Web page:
The date of: 2023-11-29
viewed: 1
source: Autonomous University of Barcelona

A map created by the Debt Observatory in Globalization in collaboration with the EJAtlas of Institute of Environmental Science and Technology of the Universitat Autònoma de Barcelona (ICTA-UAB), the Institute for Policy Studies and CRAAD-OI Madagascar, documents 28 social and environmental conflicts derived from the extraction, processing and recycling of these minerals.
Impacts on water, soil, air and health, lack of transparency and participation in decision-making, human rights violations, criminalization and violence against communities are some of the effects documented along rare earths supply chains, according to the 'Rare Earths Impacts and Conflicts Map.'
China, Chile, Brazil, Finland, Greenland, India, Kenya, Madagascar, Malaysia, Malawi, Myanmar, New Zealand, Norway, Spain, and Sweden, are some of the scenes for these conflicts, which will be exacerbated as the demand for these minerals increases. As the EU Critical Raw Materials Act points out, rare earth elements are strategic for the green and digital transition, and also for defense and the aerospace industry.
What are rare earth elements and why do they matter?
Rare-earth elements (REEs) are a group of 17 chemical elements considered critical for digitalization and for the energy transition. They have unique magnetic, optical and electronic properties that make them crucial for wind turbines, solar panels, electric vehicles, LED and LCD screens, but also to produce aircraft, missiles, satellites and communications systems.
The International Energy Agency (IEA) suggests that to meet Net Zero Emissions goals the extraction of REEs would have to increase by a factor of 10 by 2030. Indeed, production has already increased by more than 85% between 2017 and 2020, driven mainly by the demand for permanent magnets for electric vehicles and wind power technology.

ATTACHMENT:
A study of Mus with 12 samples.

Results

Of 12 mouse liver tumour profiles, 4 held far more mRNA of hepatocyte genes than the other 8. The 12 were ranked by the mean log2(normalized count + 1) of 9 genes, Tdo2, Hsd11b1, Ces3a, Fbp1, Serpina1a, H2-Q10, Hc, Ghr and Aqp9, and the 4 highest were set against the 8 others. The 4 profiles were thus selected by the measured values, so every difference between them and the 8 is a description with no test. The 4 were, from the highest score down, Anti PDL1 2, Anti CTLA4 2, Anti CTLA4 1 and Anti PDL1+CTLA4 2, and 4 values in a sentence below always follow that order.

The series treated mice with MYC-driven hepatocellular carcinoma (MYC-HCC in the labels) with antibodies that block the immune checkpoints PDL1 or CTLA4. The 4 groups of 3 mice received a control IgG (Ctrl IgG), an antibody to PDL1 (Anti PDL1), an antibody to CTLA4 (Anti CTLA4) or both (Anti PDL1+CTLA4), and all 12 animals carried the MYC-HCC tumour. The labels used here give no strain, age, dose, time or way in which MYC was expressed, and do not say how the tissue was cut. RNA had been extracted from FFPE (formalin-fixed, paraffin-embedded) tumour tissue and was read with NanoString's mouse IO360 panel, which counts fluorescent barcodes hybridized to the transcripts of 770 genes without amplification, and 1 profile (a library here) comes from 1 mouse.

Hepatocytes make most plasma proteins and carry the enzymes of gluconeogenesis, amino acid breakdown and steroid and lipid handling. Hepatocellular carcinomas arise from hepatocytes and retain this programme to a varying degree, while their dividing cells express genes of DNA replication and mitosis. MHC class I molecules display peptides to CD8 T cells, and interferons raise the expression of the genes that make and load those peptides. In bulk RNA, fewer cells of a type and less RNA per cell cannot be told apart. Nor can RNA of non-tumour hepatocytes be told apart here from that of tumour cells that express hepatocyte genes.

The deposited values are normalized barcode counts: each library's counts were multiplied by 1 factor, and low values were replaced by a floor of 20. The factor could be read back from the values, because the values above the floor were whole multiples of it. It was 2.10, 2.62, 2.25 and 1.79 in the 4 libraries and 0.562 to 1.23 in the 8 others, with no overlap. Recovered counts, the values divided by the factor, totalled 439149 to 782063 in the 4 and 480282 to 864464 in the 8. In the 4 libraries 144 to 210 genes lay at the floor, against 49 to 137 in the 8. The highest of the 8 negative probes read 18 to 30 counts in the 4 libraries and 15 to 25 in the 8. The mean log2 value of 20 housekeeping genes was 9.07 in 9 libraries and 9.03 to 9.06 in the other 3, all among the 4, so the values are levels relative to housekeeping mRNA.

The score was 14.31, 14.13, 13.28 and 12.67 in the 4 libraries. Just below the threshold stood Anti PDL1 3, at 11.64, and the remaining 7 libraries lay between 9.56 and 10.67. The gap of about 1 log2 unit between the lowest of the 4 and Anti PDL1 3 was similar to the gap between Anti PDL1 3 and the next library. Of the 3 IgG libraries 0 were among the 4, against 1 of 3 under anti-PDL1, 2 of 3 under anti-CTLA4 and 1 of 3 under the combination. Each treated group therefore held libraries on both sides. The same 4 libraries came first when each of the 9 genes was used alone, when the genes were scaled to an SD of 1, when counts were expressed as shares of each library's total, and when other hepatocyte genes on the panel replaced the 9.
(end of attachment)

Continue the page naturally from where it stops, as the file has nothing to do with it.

A transition far from being just
While the central question for industrialized economies has remained how to urgently secure the sources that can meet a booming demand of critical materials for a green and digital transition, the REE Impacts and Conflicts Map highlights the increasingly unsustainable and unjust distribution of environmental, social and health burdens on communities across REE global supply chains. Some questions need to be urgently addressed, such as:
How can we envision environmentally just and sustainable energy transition and digitalization processes that do not exacerbate unjust and unsustainable practices or violate human rights?
How can we challenge and rethink energy demand scenarios (energy for what, for whom, at what cost) and establish clear limits?
How can we rethink industrial design (prolonging product lifespan, increasing recycling and decreasing e-waste, waste generation and energy use)?
How can we develop energy transition policies that do not push aside environmental, social or participation rights in the name of climate urgency (for instance, looking for solutions beyond technological fixes)?
How can we ensure that this transition takes biophysical limits into account?